Whether you already have a houseful of furry friends, or are simply considering getting a companion for your existing pet, it's important to proceed slowly with the addition of a new cat.
As a current cat owner, you already know that you're making a 15-20 year commitment, so you — and every person in the house — better be ready. Not only that, your current cat may have a thing or two to say about the new kid intruding on her territory!
Adopting a cat or kitten is a big undertaking. Here are five things you must consider before bringing home one more kitty.
1. How old is your existing cat? If you have an older cat who has been a solitary creature all her life, it’s probably safe to assume that she won’t suddenly fall in love with a new addition to your household. A senior cat will be particularly disturbed by a kitten, who will likely be filled with energy and want to jump around and play. A younger cat, on the other hand, may be more likely to adapt to her new roommate. Ultimately, deciding between a kitten and an adult cat may be based more on your current cat than on your current wants or needs.
2. How social is your cat? By nature, cats aren’t terribly sociable. They can get by on their own and generally don’t need or want company. On the other hand, cats can live together in harmony. Don’t assume that adding one cat to your existing cat will automatically provide social and environmental enrichment. This is also true for multiple cats — just because you have two (or more) cats who already get along, that does’t mean they’ll welcome another with open paws. Problems between cats will often settle on their own, and sometimes relationships between cats positively blossom, but some cats will simply never get along. You can never truly know if cats will mesh, but if you gradually introduce the new member of the family, you can eventually have a unified, happy home.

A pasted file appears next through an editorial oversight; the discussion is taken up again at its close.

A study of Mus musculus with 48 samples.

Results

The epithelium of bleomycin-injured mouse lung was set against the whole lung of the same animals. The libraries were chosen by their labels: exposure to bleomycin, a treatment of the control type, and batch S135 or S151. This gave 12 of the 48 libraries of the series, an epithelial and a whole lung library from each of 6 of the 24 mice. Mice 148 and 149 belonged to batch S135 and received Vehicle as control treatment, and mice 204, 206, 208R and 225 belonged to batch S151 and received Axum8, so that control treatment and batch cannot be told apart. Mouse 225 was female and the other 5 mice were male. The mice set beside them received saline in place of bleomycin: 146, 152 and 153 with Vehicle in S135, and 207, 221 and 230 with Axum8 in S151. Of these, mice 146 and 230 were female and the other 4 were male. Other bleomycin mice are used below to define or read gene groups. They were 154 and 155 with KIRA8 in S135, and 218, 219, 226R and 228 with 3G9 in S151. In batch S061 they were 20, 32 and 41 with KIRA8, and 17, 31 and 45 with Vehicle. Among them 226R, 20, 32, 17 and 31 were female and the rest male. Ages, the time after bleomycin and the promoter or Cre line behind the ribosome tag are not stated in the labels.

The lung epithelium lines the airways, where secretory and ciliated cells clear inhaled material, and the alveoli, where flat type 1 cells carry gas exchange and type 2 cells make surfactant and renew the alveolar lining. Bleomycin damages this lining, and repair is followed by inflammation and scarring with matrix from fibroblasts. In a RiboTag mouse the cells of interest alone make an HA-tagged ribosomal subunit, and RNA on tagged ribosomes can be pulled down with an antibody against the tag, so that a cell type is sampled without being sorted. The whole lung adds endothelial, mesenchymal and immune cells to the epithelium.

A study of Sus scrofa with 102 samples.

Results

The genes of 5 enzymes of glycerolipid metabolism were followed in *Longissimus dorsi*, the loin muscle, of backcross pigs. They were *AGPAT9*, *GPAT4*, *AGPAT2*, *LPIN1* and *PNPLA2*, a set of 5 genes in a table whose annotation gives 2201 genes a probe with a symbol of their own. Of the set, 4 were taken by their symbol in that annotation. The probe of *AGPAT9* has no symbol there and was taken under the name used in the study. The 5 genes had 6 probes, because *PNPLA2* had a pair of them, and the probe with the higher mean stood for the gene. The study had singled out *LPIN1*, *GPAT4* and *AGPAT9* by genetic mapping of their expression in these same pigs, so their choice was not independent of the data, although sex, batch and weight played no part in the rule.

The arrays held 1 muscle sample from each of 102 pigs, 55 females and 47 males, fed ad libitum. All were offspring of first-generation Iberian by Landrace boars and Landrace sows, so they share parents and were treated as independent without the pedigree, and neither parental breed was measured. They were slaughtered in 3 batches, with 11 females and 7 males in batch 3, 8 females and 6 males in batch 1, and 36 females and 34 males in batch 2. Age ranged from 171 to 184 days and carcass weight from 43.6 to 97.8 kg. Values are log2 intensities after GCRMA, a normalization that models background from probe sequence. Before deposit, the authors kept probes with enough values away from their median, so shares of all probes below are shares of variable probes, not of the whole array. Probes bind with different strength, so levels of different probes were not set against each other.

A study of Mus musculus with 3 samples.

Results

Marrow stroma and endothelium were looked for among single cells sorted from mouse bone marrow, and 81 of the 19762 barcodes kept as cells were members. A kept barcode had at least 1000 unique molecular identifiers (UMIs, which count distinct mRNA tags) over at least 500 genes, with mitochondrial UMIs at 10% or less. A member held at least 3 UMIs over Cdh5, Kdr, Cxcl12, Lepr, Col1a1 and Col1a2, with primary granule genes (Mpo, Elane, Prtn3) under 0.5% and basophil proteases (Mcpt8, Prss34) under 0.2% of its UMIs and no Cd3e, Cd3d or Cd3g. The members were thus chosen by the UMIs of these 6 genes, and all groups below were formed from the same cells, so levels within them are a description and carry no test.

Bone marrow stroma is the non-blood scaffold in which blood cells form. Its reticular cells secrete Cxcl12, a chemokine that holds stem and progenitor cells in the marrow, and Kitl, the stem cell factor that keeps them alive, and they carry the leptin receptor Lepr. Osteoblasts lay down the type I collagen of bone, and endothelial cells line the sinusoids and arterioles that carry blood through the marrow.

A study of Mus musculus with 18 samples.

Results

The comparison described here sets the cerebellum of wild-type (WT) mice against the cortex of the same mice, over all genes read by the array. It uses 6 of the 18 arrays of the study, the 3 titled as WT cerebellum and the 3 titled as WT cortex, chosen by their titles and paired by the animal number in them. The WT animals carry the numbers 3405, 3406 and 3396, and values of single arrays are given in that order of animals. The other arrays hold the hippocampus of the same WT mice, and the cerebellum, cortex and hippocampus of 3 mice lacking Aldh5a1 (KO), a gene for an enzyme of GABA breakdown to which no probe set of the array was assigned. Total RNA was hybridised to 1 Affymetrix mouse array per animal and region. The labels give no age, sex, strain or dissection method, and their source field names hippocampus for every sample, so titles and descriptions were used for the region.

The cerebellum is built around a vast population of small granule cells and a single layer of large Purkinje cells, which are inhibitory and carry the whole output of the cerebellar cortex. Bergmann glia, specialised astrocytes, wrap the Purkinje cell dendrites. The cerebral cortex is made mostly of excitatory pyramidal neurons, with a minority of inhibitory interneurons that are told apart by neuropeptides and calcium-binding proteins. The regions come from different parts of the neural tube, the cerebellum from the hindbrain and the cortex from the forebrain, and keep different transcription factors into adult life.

3. Can you afford another cat? You can’t really put a price on adding a new member to your clan, but you can put a price on all the food, vet bills, kitty litter, toys, and treats that you’ll be purchasing for your new cat over her lifespan. It’s totally worth it, but adding another cat is a major investment. And we all know cats love to be spoiled. Not that you need to lavish your cat with diamond-studded collars and crystal food bowls, but if you don’t think you can keep up with regular deworming treatments, parasite protection, and vaccinations, let alone treats, toys, and luxury items, then you need to think twice. Another thing to consider is whether or not she’ll be an indoor cat or an outdoor cat. Outdoor cats have an estimated average life span of 5 years, with a total estimated lifetime cost of $2,445 to $4,150. Indoor cats on the other hand, have an estimated average life span of 16 years, with $8,620 to $11,275 of lifetime costs.
4. Do you have the space for another cat? With a natural need for warmth and protection, cats love feeling snug and protected in smaller, confined places. But that doesn’t mean you can just tuck a bed, box, or hideaway in the corner and expect your cat to be content. You’ll need space for her food, water, litter box, toys, scratching post, and other belongings, and if she’s an indoor cat, you’ll want to have some play space as well. And, again, your existing cat may not be too keen on sharing her space. On top of that, cats need visual stimulation. A screened-in porch is ideal, but if you don’t have that, easily-accessible windows will do.
5. Where will you find your new cat? There’s a big difference between choosing a cat from a breeder and picking one out at the shelter. While it may be “love at first sight” between you and your new kitty, you can’t predict how she will act once she is away from her former environment. When you adopt from a shelter, you probably won’t know anything about the cat’s genetic legacy, or her early life experiences. When you acquire a purebred cat, the chances are that you will be getting her from a breeder and she will be young, so you’ll know more about her parents’ temperaments and conditions.